On International Women’s Day 2022 it is a shocking fact that the UK has the biggest gender health gap of all the G20 countries. While women in the UK live longer than men on average, we spend a greater proportion of our lives in ill health and face a gaping chasm when it comes to equal access to healthcare.

There are countless examples of the gender health gap from every age and stage of women’s lives.  From the lack of understanding of conditions that mainly affect women, meaning it takes eight years on average to get an endometriosis diagnosis, to women in acute pain being less likely to be prescribed strong pain medicines than men. And the fact that women in the UK with dementia have fewer visits to the GP, receive less health monitoring and take more sedatives or anti-psychotics than men with dementia.

Gender inequality damages the physical and mental health of girls and women and the gender gap is even wider for some. The barriers faced by women from minority ethnic groups, those from LGBTQ+ communities, and women living with disabilities go deep. In the UK black women are four times more likely to die in childbirth than white women, and South Asians have 40% higher death rates from coronary heart disease.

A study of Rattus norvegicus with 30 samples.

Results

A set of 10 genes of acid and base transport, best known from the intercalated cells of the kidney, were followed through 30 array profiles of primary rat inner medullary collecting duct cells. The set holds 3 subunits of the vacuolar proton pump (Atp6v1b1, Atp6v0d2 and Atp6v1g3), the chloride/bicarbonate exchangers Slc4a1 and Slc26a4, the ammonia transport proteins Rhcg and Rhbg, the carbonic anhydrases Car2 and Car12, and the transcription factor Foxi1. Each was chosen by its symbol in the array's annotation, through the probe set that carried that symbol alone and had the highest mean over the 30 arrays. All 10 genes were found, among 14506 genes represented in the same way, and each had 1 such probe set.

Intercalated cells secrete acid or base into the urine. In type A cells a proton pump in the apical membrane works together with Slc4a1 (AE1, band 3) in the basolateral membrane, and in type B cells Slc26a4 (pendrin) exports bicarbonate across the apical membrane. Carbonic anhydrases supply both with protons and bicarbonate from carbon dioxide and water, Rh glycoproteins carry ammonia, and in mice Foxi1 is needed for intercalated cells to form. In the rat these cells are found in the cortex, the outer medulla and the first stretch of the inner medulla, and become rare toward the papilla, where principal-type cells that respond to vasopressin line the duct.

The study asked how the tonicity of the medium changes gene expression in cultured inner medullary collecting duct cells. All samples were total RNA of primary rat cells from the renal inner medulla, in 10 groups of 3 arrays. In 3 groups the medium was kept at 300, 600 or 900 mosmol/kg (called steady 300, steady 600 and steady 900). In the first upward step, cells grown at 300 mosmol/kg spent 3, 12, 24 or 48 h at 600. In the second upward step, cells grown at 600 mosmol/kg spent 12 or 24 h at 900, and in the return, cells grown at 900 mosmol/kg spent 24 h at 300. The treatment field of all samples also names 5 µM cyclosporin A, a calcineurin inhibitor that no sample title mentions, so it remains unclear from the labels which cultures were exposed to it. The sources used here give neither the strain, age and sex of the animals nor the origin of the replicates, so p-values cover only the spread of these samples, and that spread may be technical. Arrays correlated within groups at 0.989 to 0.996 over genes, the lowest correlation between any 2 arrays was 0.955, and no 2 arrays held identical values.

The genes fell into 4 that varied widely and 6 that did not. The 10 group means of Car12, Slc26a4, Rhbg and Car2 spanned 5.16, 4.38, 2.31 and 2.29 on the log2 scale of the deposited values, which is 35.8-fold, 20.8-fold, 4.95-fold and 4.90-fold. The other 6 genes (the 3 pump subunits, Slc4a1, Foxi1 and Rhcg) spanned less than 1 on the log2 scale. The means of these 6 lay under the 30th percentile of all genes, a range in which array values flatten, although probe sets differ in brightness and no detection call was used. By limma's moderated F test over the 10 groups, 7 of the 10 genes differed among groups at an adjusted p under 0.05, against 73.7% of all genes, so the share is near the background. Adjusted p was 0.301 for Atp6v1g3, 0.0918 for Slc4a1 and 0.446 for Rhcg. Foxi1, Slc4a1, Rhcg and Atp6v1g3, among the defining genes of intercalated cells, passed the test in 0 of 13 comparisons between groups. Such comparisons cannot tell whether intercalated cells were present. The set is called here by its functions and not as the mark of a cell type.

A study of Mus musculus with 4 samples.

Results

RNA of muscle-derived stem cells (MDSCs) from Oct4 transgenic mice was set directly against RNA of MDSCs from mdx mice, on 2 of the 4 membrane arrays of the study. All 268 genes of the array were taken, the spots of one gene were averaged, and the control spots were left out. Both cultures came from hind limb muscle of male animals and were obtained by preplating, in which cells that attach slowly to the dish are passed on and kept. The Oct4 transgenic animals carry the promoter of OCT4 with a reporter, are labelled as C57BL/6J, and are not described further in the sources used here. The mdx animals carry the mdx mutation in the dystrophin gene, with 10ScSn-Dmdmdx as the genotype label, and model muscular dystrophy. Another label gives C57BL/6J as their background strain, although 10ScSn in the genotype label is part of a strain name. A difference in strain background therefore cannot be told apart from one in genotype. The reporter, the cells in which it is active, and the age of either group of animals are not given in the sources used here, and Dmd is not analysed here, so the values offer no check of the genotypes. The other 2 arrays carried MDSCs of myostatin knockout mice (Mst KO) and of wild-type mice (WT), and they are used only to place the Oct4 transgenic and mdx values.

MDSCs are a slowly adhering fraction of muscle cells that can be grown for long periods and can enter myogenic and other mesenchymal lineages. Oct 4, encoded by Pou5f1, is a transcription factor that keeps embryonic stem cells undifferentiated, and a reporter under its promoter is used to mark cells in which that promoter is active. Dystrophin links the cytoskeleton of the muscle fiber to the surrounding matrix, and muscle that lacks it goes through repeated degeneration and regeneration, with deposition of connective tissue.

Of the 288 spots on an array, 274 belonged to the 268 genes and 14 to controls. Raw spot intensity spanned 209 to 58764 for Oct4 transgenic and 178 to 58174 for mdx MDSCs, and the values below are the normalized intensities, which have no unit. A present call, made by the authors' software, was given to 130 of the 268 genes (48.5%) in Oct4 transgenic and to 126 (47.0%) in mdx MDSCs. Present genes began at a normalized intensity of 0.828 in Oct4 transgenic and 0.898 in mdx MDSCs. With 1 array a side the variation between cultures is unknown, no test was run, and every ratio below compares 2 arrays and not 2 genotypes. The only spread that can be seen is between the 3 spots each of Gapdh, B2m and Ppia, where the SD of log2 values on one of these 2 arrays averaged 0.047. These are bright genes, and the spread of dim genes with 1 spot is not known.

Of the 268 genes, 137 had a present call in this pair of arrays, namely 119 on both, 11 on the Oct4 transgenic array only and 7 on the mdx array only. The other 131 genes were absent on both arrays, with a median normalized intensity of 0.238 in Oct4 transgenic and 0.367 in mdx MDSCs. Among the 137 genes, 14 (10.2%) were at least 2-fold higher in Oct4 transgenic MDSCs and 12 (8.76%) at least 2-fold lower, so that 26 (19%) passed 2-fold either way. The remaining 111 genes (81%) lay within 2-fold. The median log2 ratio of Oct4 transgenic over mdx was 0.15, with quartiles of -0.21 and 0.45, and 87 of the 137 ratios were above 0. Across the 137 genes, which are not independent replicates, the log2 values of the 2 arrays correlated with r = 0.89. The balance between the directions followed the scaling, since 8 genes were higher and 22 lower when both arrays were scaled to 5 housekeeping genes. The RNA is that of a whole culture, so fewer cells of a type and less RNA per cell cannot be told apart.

Last year’s consultation on the first government-led Women’s Health Strategy received more than 100,000 responses, which unsurprisingly revealed that women do not feel heard in the UK health system. The publication of the long-awaited Women’s Health Strategy, due in the spring, will look at women’s health across ages, with six areas of focus: 1. menstrual health and gynaecological conditions; 2. fertility, pregnancy, pregnancy loss and postnatal support; 3. the menopause; 4. healthy ageing and long term conditions; 5. mental health; and 6. the health impact of violence against women and girls.

There is much work to be done to unpick years of gender health inequality. System-wide changes are needed to improve women’s experiences of healthcare, access to services and health outcomes. Healthcare communications have a fundamental role to play as part of this:

  • VOICES AND CHOICES: Making sure that women’s perspectives are taken into account in designing and delivering health research, treatments and services.
  • LANGUAGE MATTERS: Recognising that the language we use to talk about health impacts the care we receive – while men’s health is often discussed neutrally or positively, there is a communication taboo around women’s health and bodies that must be actively addressed.
  • UNDERSTANDING OUR BODIES: Empowering women to better understand their bodies, and helping women to stand up and advocate for their needs when it comes to healthcare.
  • VALUING WOMEN’S WELLBEING: Promoting a world in which women’s health and wellbeing are recognised and truly valued.

On International Women’s Day 2022 it is a shocking fact that women in Ukraine are being forced to give birth in underground stations, with no access to critical maternal healthcare, and that women, men and children are facing unacceptable violence. This International Women’s Day we call for equality in healthcare and peace.